Community Calls for Budget Changes to Prioritize Crisis Services

Photo: Aim Center, 472 West Martin Luther King Boulevard, Chattanooga, Tennessee

Photo: Courtesy of

Published January 18, 2021

Coping with the collateral damage from Coronavirus may have side effects for all of us. Heightened levels of stress in response to our rapidly changing and uncertain world seems absolutely natural. 

Throughout the nation, people are reporting exacerbated and budding mental health issues. Anxiety and depression rates are steadily rising whether due to lost employment in lockdown, debilitating isolation from healthy routines and relationships, or general uncertainty in the face of cultural chaos. 

It is estimated by the CDC that these rates have tripled over the course of the last year due to COVID-19.

Chattanooga, Tennessee At Night

This reality became particularly relevant in recent community calls for 2022 budget changes to include better support for mental health resources in Chattanooga.

Mayor Andy Berke announced that although his term will have ended, he will propose this  to his successor who can then accept or deny it.  

Berke offered some sentiment stating, “When we worry about our health outcomes, when we are often physically estranged from others and when we are concerned about the future, mental health suffers.”

While it is promising to see the issue prioritized for the next fiscal year, in the meantime, Tennessee residents may have more opportunities to receive support than they realize. 

The Tennessee Department of Mental Health and Substance Abuse Services (TDMHSAS) reports that Tennessee offers a full continuum of crisis services from a 24/7 phone line to statewide mobile crisis, walk-in centers, crisis stabilization units, and more. 

Chattanooga has a wide variety of outpatient options for residents with insurance, but just as well, crisis services are available at no cost to those without coverage from all surrounding counties.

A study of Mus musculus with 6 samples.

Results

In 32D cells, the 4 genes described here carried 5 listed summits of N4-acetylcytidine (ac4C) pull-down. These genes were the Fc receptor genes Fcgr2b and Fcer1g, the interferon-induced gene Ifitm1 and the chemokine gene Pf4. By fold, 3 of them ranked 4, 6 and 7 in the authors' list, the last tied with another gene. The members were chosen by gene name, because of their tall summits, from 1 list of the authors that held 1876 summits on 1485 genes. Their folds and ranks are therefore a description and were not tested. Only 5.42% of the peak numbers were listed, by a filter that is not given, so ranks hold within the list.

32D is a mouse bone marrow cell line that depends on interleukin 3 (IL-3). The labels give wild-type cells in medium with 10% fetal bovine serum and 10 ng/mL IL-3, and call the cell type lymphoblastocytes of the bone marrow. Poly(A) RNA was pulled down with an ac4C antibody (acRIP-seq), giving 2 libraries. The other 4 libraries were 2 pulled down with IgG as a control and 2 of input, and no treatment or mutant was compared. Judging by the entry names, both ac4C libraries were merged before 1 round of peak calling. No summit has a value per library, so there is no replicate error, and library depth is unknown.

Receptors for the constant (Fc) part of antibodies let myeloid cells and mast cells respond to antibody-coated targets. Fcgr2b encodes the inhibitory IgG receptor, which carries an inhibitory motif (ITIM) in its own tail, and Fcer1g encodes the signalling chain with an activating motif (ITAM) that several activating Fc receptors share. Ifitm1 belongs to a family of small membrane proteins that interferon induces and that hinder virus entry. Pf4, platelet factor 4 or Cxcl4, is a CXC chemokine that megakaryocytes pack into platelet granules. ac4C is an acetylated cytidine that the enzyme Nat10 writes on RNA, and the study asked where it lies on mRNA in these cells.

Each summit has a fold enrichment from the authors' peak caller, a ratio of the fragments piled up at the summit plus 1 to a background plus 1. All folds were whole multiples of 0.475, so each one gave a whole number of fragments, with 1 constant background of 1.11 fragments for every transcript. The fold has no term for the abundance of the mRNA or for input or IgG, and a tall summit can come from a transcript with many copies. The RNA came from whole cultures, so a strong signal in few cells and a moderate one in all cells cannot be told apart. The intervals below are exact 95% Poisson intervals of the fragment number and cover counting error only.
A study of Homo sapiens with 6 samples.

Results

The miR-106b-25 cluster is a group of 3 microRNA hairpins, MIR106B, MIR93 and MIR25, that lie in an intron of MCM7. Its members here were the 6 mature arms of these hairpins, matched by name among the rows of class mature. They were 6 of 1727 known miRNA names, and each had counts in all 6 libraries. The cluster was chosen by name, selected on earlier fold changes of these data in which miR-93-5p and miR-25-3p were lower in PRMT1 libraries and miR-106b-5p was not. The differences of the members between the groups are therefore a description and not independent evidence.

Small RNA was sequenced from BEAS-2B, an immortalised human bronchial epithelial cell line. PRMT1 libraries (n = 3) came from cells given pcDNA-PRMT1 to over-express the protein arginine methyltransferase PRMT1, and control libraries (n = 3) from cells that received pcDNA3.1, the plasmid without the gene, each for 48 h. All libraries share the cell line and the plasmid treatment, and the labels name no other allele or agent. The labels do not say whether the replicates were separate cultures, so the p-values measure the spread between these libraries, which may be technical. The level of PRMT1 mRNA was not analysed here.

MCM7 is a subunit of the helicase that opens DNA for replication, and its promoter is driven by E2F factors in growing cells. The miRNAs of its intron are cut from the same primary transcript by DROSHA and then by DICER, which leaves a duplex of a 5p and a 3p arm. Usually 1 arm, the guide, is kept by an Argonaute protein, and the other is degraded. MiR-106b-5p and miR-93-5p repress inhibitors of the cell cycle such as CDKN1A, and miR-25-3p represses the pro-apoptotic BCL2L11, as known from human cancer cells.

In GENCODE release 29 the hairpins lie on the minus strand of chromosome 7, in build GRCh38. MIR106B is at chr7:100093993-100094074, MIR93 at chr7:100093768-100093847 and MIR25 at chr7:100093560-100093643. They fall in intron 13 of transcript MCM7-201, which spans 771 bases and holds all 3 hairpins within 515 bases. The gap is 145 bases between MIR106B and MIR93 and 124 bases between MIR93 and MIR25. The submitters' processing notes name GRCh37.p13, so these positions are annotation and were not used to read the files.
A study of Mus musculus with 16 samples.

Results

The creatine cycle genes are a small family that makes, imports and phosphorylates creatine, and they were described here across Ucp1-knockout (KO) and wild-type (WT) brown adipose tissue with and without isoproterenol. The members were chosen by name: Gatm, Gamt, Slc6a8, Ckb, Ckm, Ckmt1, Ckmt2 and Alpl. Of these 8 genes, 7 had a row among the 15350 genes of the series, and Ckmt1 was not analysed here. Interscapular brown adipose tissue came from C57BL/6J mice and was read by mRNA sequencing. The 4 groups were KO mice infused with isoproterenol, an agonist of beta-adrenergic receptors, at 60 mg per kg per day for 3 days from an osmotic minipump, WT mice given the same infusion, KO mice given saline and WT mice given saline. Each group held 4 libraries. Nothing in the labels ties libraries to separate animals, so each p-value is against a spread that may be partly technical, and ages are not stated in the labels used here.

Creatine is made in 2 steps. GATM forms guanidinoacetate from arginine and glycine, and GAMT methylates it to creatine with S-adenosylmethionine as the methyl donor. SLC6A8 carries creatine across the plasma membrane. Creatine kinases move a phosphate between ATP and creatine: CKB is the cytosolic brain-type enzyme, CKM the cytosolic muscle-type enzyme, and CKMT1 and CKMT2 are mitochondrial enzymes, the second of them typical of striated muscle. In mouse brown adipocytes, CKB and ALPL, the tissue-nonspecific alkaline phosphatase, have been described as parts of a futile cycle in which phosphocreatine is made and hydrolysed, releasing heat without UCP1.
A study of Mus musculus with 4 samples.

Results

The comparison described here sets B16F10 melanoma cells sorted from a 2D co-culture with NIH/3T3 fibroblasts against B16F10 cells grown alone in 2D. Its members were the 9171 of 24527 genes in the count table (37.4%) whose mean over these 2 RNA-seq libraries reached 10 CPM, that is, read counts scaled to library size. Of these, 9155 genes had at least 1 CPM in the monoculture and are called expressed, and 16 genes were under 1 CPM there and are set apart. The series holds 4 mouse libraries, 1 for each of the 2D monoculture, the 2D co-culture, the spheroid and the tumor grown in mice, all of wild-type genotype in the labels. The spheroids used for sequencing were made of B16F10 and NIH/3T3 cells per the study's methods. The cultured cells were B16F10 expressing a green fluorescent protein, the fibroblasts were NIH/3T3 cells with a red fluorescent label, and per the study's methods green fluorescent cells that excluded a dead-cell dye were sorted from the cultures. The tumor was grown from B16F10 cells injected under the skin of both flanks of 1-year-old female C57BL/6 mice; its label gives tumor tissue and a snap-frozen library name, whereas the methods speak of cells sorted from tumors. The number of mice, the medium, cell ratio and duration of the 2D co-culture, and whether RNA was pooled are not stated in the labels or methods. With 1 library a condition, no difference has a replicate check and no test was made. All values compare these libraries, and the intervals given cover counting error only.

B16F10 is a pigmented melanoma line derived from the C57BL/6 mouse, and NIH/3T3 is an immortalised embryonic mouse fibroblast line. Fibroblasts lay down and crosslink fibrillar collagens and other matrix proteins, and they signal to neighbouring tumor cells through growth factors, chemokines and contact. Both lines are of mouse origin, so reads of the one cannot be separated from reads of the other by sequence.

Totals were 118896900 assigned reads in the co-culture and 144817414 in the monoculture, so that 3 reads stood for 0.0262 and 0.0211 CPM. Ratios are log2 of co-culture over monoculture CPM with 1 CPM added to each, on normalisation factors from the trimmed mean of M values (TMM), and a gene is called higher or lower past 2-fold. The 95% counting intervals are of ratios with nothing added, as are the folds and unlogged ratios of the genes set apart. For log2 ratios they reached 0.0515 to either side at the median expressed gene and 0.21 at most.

Many of these services are provided through Volunteer Behavioral Healthcare Systems, but there are several other wonderful agencies in town.  

Aside from crisis care, Tennessee also provides a fantastic service for those who are eligible, seeking mental health support, and are unable to obtain other insurance coverage. 

X-Files Style - The Truth Is Not Out There

The TDMHSAS website provides this description and provides a simple application:

“If you are 3 years of age or older, have a qualifying mental health diagnosis, and have no behavioral health insurance, you may qualify for the Behavioral Health Safety Net (BHSN) of TN program. Services provided by this program include assessment, evaluation, diagnostic, therapeutic intervention, case management, transportation, peer support services, psychosocial rehabilitation services, psychiatric medication management, labs related to medication management and pharmacy assistance, and coordination.”

These contemporary standards of behavioral health services are provided in communities through the state, but Chattanooga is also home to a hidden gem. 

AIM Center Inc. is the only internationally accredited clubhouse model program in the state. They provide a revolutionary approach to mental health, fostering independence without offering medication or counseling services. 

A Clubhouse is a free, community-based membership organization aimed at helping people living with mental illness around the world regain a respected place in society through work, education, wellness and community.

At this time, membership is available for free to anyone with an active and eligible diagnosis. The non-profit is able to provide services to those with TennCare coverage as well as some others via grants and donations. 

Perhaps upcoming changes in the budget will allow the organization to expand their scope of services to include individuals without said coverage.   

Presently, services are being offered virtually throughout each weekday. 

To learn more about the program and how you can get involved, check out their website at or contact the Admissions Office at (423) 702-8013.

If you or a loved one are in need of more immediate assistance, Mobile Crisis Services are available 24/7/365. 

Dial 855-274-7471 and you will be routed to a trained crisis specialist in your area.